I have previously mentioned that we wound up with a large quantity of walnuts and almonds, and they keep amazingly well in the freezer. A good rule of thumb here is that "if it has oil, it will spoil." Nuts are full of healthy oils, and if you have some that will not get used immediately, put them in freezer bags and allow them to warm to room temperature before using.
The picture of The Barefoot Contessa's "Salted Caramel Nuts" was too beautiful not to catch my eye as I broke one of the big rules of sleeping well and was perusing Facebook before bed. Realizing that we had all of the very simple ingredients, it was all I could do not to get up and go to the kitchen to make them. So, I compromised and took the walnuts, pecans, and almonds out of the freezer to warm.
Although I usually post my own recipes, I learned a great deal from making these, and wanted to share my experience with you. The result is an amazing sweet/salty/crunchy treat that is a nice change or compliment to the dozens of cookies that get baked this time of year.
To start off, here is the link to the recipe -
Seriously, if you don't already follow her on social media, I highly recommend it. Her recipes are diverse and terrific, and even if they are not to your taste I guarantee that they will inspire you to broaden your scope of cooking skills.
Now, here is what I learned...
Salted Caramel Nuts
4 cups (total) of nuts, inclusive of Almonds (I used raw), Cashews (I used roasted whole ones with sea salt), Pecan Halves (I used raw, as they are plentiful here in the south!), and Walnuts (I used raw)
~ Toast the nuts on a baking sheet lined with parchment in a 350-degree oven for 7-8 minutes. You will know when they are done because they will start to smell wonderful. Remove them from the oven and let them cool. After they cooled, I put them in a bowl and left the parchment on the baking sheet.
~ Put the 1.5 cups of sugar and 1/4 cup water in a good sized sauté pan (remember, you are going to have to put the nuts in it later). Cook over medium high heat until the sugar has melted, stirring as needed.
Here's what mine looked like. (FYI - I used a 10' saucier pan, that came with a set, and it was great for this recipe)
Swirl a little at first and more often as it gets to a light golden brown - at the end you should be swirling it constantly.
In the recipe, she mentions that it will look like it is crystalizing. She is right - here's what that looks like:
~ The mixture even got a little bit solid and I was certain that it was crystalizing. I just got "schooled" by the Contessa, and this is where you have to take her at her word, keep swirling. Just after this picture was taken, it melted into the most beautiful warm, clear, golden caramel liquid, and I actually cheered out loud!
UPDATE - After making this again today, I decided to use a more aggressive "medium high" heat and did not have the above issues. I have a gas stove and did the first batch on "5" which is hot for my stove. Today's batch I cooked on "6" and it caramelized beautifully. Either way, keep swirling!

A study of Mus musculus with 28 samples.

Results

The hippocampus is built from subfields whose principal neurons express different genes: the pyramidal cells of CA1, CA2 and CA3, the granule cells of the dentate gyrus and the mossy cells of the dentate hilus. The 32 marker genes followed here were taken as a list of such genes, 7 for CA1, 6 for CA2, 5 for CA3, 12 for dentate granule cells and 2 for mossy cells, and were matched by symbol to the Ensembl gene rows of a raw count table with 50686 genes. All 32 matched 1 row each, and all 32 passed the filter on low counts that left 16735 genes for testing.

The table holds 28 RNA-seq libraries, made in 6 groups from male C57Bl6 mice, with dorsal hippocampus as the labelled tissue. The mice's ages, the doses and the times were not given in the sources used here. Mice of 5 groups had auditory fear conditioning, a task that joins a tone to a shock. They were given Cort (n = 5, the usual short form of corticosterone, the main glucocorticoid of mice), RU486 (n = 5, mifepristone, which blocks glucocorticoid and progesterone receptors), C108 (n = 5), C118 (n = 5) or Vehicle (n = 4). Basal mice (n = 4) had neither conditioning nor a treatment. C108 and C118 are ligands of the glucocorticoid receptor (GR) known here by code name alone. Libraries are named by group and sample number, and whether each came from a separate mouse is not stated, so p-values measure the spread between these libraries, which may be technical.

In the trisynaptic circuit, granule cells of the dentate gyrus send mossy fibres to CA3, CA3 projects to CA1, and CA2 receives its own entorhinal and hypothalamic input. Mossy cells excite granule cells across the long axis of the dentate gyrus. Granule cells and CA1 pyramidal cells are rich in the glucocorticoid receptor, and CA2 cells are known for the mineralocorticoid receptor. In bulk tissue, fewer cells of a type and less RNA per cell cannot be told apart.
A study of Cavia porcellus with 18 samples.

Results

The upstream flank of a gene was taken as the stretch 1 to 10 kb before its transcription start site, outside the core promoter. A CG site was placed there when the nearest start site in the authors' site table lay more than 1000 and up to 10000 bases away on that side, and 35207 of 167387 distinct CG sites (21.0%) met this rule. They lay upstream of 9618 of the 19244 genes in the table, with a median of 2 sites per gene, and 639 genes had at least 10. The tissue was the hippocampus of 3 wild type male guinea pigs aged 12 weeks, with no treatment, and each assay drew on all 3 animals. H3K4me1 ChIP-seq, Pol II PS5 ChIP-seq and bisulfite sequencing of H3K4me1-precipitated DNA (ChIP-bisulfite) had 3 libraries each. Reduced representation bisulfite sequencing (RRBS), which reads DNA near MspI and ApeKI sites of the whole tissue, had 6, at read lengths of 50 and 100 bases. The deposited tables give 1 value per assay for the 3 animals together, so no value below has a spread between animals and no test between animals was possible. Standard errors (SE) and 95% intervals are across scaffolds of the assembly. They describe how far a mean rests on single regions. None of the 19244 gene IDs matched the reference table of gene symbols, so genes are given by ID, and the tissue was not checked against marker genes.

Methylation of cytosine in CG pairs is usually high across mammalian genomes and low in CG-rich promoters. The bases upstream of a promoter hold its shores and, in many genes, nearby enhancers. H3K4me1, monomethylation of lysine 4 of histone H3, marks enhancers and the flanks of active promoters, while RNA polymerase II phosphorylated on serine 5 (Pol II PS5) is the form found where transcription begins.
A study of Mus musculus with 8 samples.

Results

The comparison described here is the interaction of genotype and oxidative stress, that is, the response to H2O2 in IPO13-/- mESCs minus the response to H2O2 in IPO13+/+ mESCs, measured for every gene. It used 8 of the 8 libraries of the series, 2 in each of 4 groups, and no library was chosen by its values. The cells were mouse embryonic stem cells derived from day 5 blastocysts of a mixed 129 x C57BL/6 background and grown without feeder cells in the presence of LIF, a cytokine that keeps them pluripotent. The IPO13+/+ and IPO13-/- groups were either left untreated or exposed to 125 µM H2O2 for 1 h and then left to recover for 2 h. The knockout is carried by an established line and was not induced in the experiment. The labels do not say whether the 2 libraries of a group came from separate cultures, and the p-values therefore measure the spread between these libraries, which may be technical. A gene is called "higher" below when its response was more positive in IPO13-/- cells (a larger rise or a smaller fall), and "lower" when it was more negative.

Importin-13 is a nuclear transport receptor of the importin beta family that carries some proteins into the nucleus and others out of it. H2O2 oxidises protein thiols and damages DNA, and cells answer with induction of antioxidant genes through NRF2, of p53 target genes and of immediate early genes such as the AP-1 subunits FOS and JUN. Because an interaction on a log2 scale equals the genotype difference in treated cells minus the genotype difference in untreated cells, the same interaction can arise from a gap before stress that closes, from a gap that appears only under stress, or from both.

Here's the picture I took when I finished cheering:
~ Confession, I didn't actually stir it, but just before taking the above picture, I pushed the sugar that had crystalized on the side of the pan into the bottom with a spatula and let it melt into the liquid caramel which didn't take very long. I "swirled" while it melted.
~ Turn off the heat and add the 2 tsp of vanilla. It's going to bubble and "spit" a little bit. Keep swirling until the vanilla works into the caramel.
~ Here is where you've got to work quickly because the caramel is going to start to harden. Put the nuts into the caramel mixture along with the kosher salt and start mixing with 2 large spoons or 2 heavy rubber spatulas. I think that with the next batch I will keep it over a low heat while I mix to ensure even coating. UPDATE - On the second batch, I put the pan back on the lowest heat burner while I mixed, still mixing quickly and got much better coverage.
~ Turn it out onto the baking sheet lined with parchment. I just used the same one I had used to roast the nuts.
~The recipe says to "pull" it out at this point, and mine was starting to harden pretty fast, so I happened to have another sheet of parchment handy and used it to press it out. It is molten lava - kind of hot - so be very careful. I quickly pressed it out with the other parchment paper, and although it was a bit thicker than the original photos, when it cools and is broken into bite sized pieces it worked fine.
~ Sprinkle the top with sea salt and let it cool completely and break into pieces and store in airtight container.
Late night last notes - Tonight was our city's Christmas parade. It literally rained on our parade. Tradition holds that after the parade some of our neighbors gather for a late dinner at one of the oldest family owned Italian restaurants in town. Knowing that everyone would be soaked by the rain and tired from walking and throwing beads and candy, I brought these treats along. The best compliments that any cook or recipe can get is for all of it to be gone, and for the sweet owners of the restaurant to ask for the recipe. Hmmm, now that I think of it, I probably should have asked for their marinara recipe as well! The beautiful salted caramel nuts are gone, and I'm back where I started ... maybe I will go to the kitchen and pull the Walnuts and Pecans from the freezer.
Wishing you all a warm, safe, and joyous holiday!